National Depression Education and Awareness Month: October 2023
According to the Centers for Disease Control and Prevention (CDC), approximately 1 in 6 adults will have depression at some point in their lives with the highest levels of stress being reported in those who are between the ages of 18-33. Depression is a mood disorder that can become very serious. This illness affects the feelings, thoughts, and actions of a person. Many people who are dealing with this may have issues with the ability to work, hold relationships with people, and struggle to complete daily activities.
A a healthcare professional managing depression is first focused on what type of depression someone has:
Major depressive disorder (MDD) is the name many health professionals call depression. This is one of the most common mental health disorders. MDD causes sleep inference, loss of motivation, difficulty focusing, and consistent moods of feeling down.
Seasonal affective disorder is experienced most during the fall and winter months when daylight becomes shorter. People will feel their mood and energy levels decrease.
Postpartum depression occurs after giving birth and affects many mothers and fathers. Signs and symptoms of postpartum depression include lack of motivation, little interest in bonding with their baby, difficulty focusing, and many more.
Dysthymia is also known as persistent depressive disorder (PDD) and is considered different than major depressive disorder due to the length of symptoms. PPD is not diagnosed unless someone has had persistent symptoms for more than 2 years. Whereas MDD symptoms usually last in episodes of a few months on and off.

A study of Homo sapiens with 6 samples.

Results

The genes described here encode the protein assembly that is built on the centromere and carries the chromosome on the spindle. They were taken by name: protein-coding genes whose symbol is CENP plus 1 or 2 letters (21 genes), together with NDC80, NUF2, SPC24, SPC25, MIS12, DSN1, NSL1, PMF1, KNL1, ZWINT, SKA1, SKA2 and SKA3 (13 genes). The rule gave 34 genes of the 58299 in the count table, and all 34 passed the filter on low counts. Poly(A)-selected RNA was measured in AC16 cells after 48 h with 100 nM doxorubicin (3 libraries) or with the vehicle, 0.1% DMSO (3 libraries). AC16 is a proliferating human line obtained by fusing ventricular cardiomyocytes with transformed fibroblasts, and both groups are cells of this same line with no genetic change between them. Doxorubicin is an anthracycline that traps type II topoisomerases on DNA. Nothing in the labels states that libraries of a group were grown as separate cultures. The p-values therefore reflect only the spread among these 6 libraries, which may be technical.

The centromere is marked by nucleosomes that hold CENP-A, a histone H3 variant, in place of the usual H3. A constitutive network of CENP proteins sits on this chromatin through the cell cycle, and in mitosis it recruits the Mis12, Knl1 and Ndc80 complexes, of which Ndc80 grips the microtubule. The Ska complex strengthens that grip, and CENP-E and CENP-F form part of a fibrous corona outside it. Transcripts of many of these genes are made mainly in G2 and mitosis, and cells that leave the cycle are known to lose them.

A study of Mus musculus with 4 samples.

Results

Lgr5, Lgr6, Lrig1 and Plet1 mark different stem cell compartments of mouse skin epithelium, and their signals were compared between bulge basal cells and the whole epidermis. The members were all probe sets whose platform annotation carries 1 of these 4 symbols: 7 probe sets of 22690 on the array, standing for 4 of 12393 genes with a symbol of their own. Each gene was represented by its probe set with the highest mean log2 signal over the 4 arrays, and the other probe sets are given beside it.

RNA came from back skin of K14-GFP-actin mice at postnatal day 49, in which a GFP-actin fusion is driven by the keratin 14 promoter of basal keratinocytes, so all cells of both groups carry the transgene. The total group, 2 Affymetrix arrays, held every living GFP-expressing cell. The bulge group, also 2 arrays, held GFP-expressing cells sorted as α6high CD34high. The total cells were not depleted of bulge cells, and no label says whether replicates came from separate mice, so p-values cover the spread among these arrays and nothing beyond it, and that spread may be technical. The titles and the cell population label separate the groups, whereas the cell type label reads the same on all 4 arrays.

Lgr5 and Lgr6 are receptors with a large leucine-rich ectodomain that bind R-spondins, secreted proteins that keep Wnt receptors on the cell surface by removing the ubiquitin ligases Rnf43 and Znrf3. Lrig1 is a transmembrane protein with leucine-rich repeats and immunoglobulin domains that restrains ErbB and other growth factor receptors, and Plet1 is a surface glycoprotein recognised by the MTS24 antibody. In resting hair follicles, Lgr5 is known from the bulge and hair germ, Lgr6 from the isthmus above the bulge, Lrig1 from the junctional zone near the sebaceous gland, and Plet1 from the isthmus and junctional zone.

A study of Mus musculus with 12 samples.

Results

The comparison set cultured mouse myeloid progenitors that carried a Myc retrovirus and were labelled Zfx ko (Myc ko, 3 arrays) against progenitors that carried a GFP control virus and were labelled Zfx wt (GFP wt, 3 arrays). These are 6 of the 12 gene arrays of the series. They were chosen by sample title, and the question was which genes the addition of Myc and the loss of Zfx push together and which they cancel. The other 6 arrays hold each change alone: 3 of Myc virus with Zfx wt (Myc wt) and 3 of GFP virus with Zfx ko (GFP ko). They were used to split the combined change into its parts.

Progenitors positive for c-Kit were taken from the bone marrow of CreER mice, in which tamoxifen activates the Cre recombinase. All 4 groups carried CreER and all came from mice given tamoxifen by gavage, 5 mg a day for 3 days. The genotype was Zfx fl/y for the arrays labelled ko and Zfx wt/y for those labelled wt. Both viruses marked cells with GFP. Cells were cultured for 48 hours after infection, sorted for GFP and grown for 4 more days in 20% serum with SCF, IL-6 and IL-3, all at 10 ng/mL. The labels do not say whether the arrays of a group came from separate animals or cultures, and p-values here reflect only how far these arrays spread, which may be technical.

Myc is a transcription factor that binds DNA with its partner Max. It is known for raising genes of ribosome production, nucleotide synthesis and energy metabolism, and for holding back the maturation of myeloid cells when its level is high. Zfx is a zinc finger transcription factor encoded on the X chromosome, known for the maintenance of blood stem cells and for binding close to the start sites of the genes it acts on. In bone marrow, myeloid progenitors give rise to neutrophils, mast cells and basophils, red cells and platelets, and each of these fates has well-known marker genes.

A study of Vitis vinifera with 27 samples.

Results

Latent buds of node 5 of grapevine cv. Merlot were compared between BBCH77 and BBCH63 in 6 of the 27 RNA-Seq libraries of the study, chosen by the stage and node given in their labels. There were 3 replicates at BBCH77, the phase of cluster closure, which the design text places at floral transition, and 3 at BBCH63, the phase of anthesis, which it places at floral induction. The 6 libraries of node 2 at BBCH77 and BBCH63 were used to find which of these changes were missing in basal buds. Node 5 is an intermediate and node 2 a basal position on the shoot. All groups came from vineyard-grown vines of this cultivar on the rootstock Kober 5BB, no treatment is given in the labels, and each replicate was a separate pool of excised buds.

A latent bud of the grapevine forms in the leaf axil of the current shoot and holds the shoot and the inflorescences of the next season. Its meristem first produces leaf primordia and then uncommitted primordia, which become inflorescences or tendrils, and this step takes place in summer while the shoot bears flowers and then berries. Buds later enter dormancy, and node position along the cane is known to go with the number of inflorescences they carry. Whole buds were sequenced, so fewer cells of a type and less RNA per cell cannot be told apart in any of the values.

The stages of depression are said to be compared to the stages of grief. Let’s investigate the reported stages of depression:
- Stage 1: Origin of a situation- When someone has family issues, addiction, illness, relationship changes, or death of a loved one, this is when the brain will change, and sadness arises. During this stage people experience fatigue and hopelessness.
- Stage 2: Norm or establishment- During stage 2 depression overcomes someone and lack of interest becomes the norm for a person’s everyday living. In this time, a person can feel like things happening in their life just cannot seem to go accordingly.
- Stage 3: Lack of interest in activities- Engaging in activities a person once loved becomes difficult. Having fun can make someone feel uncomfortable or they should not be enjoying themselves.
- Stage 4: Abandonment- During this time a person will become unable to perform their daily tasks such as work, household duties, and basic self-care. Many people have hopefully sought medical attention before this stage.
As there are no specific causes for depression there are however triggers that can affect someone having depression. Recovery of depression can occur at any stage and there is hope.
Consult a doctor if you are experiencing decreased energy levels, changes in appetite, insomnia/ hypersomnia, irritability, emotional distress, or suicidal thoughts. If you or a loved one experience depression and would like to learn about the clinical trials that Preferred Research Partners is currently offering, visit our studies page today and contact us to find out if you may qualify to join.